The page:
Most LGBTIQA+ people want uniformed police out of Pride: report

The majority of LGBTIQA+ people feel disrespected and unsafe around Victoria Police, according to a new report. 

In Upholding our rights: LGBTIQA+ attitudes towards policing in Victoria, the Victorian Pride Lobby has reported on a recent survey of 1,500 LGBTIQA+ people. 

Among the respondents, 4 in 5 did not think the police understood the issues that impacted them, and 3 in 5 believed police did not respect them.

Two thirds believed LGBTIQA+ communities were treated unfairly by police, and 4 in 5 did not feel safe with a large police presence at community events. 

Three quarters of LGBTIQA+ overall people believed police should not march in uniform at Pride, as did almost 9 in 10 trans and gender diverse participants.

The survey also found that recent high-profile incidents had further eroded the LGBTIQA+ community’s trust in the police. 

Devina Potter, Co-Convenor of the Victorian Pride Lobby, said that although many in the community acknowledged progress, the report showed that Victoria Police still have a long way to go to mend fractured relationships. 

“Victoria’s LGBTIQA+ communities have experienced decades of harmful policing in this state, including several high profile and fraught incidents in recent years,” said Potter. 

“Because of this, LGBTIQA+ people are discouraged from reaching out to the police when they experience vilification, harassment, or abuse, for fear they may not be taken seriously or will be treated prejudicially.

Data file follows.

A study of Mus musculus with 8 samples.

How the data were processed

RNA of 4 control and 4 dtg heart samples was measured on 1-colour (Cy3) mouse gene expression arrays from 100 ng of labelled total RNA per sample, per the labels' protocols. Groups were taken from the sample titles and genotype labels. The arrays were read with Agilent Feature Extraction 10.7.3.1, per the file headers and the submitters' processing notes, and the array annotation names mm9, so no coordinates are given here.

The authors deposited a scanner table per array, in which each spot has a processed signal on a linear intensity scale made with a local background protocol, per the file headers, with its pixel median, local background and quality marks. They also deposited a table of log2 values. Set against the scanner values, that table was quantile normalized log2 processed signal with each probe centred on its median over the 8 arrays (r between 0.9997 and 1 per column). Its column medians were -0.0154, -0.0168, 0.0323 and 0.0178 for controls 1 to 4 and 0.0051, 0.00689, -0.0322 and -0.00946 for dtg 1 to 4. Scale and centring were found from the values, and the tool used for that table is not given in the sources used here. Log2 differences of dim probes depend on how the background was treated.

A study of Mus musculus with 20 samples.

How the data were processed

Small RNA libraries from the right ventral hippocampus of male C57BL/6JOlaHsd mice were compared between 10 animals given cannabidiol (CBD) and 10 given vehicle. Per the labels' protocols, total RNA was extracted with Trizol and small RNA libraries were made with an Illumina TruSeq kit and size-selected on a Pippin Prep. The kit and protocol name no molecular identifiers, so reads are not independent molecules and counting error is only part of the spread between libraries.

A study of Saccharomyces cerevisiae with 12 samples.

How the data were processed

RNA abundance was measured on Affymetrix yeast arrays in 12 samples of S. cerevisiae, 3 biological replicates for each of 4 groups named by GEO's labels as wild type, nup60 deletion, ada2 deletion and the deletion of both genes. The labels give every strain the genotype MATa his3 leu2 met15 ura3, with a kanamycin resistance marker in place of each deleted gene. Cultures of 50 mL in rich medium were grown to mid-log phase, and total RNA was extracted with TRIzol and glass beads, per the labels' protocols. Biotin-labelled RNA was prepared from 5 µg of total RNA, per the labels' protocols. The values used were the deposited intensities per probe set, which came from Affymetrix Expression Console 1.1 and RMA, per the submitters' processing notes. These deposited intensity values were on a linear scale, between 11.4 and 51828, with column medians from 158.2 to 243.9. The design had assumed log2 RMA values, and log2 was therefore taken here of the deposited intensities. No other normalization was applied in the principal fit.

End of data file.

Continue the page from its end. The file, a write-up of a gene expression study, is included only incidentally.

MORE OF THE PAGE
“This is especially the case for members of our community with intersecting identities, like First Nations peopletrans and gender diverse peoplepeople with disabilitiessex workers, and illicit drug users.” 

“For Victoria Police to repair the damage it has caused over the years will require attitudinal and systemic change.”

The Lobby’s recommendations include funding for a permanent community-controlled LGBTIQA+ legal service and improved data recording and reporting around prejudice-motivated crime

Victorian Pride Lobby committee member Nic Holas said the Lobby hoped the report would spur both the State Government and Victoria Police to act. 

“Until Victoria Police does more to build a better relationship with our communities, justice will be delayed for so many LGBTIQA+ people afraid to reach out for support,” said Holas. 

“We hope this report can be a turning point.”